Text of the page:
Editor Robert James Peacock explores whether discrimination in the media isn’t really going away, just changing…
Yesterday, I was listening to my favourite radio show, Shaun Keaveny on 6 Music Breakfast. I was only half-listening while reading the paper. An unknown voice came on – a guest, I missed hearing who. It was a female voice. A grating (to my ears) London voice. Vaguely husky as if after too many post-work craft beers in Shoreditch. There was some talk of a lack of women in theatre (that one again!), a reference to Fresh Meat (the comedy vehicle of tedious tosspot Jack Whitehall – no wonder I had zoned out) and then I heard the topic change. She started talking of “women of colour”. Who was this person I was listening to? I clicked to expand the show info on iPlayer…
It was writer/actor Zawe Ashton (pictured), a woman of colour. She was on the radio being interviewed about her work, because women of colour can write and star in plays nowadays, and even appear on the BBC without a warning announcement, and it was all great, and liberated, and feelgood, and boo-to-the-haters, and hooray-for-Zawe-for-getting-to-where-she-is, and it’s-not-black-it’s-woman-of-colour-these-days-because-that’s-what-the-Americans-say. All fantabulous. This sort of thing is allowed to happen unimpeded and unquestioned nowadays, on a regular basis, because the BRITISH MEDIA IS NOT RACIST. Did you hear us? Have you seen our equality stats? NOT racist.
…unless you’re poor, that is.
Zawe Ashton was talking of being a woman, and a woman of colour at that, as if these were the defining discriminatory barriers of our age. The truth is, being born in Hackney to a Dad who worked for Channel 4, going to drama school in Islington, being acting buddies with Marlborough College alumnus Whitehall, her road to success was more smoothly paved than if she had been, say, an orthodox muslim girl from Dewsbury. These days, skin colour alone won’t hold you back in the media, as long as you sound and act like “one of us”. And Ashton certainly acts and sounds like “one of us”.
Because like their forefathers before them, white public schoolers in the media love a hint of the exotic (emphasis on “hint”). As do the rioja-swilling sofa-dwellers watching or listening at home. It has to be safe exotic, though: an RP accent, good manners, smart dress. Nothing too African, as great-grandpapa was bally well nearly skinned alive by those beastly natives in his Rhodesian days.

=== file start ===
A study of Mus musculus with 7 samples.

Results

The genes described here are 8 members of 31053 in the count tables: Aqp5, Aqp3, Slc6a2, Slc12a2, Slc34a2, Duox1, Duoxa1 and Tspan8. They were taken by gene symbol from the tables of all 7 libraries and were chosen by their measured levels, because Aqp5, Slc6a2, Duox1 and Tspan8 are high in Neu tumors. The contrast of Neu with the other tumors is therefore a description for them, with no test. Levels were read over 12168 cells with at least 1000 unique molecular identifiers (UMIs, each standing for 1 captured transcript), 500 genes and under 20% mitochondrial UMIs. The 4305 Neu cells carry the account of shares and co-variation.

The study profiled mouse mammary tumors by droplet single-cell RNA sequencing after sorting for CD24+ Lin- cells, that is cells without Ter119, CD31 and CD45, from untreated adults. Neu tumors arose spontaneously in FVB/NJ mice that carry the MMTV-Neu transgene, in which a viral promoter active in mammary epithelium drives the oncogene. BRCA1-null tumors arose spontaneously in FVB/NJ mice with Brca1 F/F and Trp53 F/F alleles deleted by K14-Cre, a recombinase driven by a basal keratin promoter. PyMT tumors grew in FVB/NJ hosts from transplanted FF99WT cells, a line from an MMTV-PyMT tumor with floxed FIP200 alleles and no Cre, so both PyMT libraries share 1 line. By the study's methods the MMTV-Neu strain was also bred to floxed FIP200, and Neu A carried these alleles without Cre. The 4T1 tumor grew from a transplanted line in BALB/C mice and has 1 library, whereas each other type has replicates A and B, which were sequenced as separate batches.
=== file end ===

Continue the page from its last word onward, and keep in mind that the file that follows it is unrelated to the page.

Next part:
Thus we have a growing list of hugely successful black British actors – Chiwetel Ejiofor, David Oyelowo, David Gyasi. Great performers all. But close your eyes and hear them speak – Ejiofor here, Oyelowo here, Gyasi here. Skin colour may be all that separates them from the old Etonian/Harrovian brigade of Cumberbatch, Redmayne, Lewis et al. Ejiofor’s Dulwich College, for instance, is hardly a less elitist alma mater. If they betrayed an accent or suggestion of a non-metropolitan upbringing off-screen (as opposed to on-screen, where for black actors that is heartily encouraged) one assumes their ascent to the height of their profession may have been somewhat more difficult.
When Idris Elba gets talked of as the first black Bond, and that is hailed as progress, it’s not because our concept of Bond has undergone a radical shift, it’s because Elba, in one of his acting guises, has assimilated the character’s key characteristics – rich, handsome, suave, well-spoken, well-dressed, refined, unflappable – in other words, the textbook English hero. Riz Ahmed as a British Asian bond though? “He’s a bit jihadi don’t you think? Won’t play well across the pond.”
Similarly, in the parade of jolly-hockeysticks head-girls/middle-aged businessman corporate awayday fantasies that are our female BBC newsreaders, we have a couple to suit neo-colonial tastes – Mishal Husain and Naga Munchetty. The kind of ethnic eye-candy you could leave the wife for, but she’d still know how to behave down the golf club. Find someone (of any colour) who’s equally good at the job, but whose accent and demeanour suggests they may know what the inside of a Lidl looks like, and they are pilloried. See the abuse Steph McGovern got when she started on BBC Breakfast.
Media diversity boxes are certainly getting ticked. I’m sure the BBC and other organisations have the figures ready at the drop of a hat to show how wonderfully “rainbow” their staff is. That doesn’t mean systematic prejudice doesn’t still exist. It is just shifting from outward prejudices based on skin colour and gender, to more insidious ones based on culture and class. It’s not as easy to hashtag – #BritsSoWhite is simpler to grasp and uses fewer characters than #NewsreadersSoMultiCulturalSoLongAsYouComeFromTheHomeCounties… AndArePreferablyPrivatelyEducated – but it’s there. When the only way to get on in a chosen career is to *become* them, surely the prejudice remains?
A postscript: A few months ago, in my hometown of Bradford, one of the oldest and most famous woollen mills burnt down. The local news programme dispatched a young British Asian woman (head covered, and with a strong Bradford Asian accent, which as anyone who’s heard it will tell you is very distinctive) to report on it. She interviewed an older Asian fella who spoke of how devastating the fire was to *our* heritage, meaning him as a Bradfordian, not him as a British Asian. Fed a diet of mainly London-based TV, I was taken aback, in a good way. It made me very proud that Bradford seems to understand what London completely fails to, and is acting on it.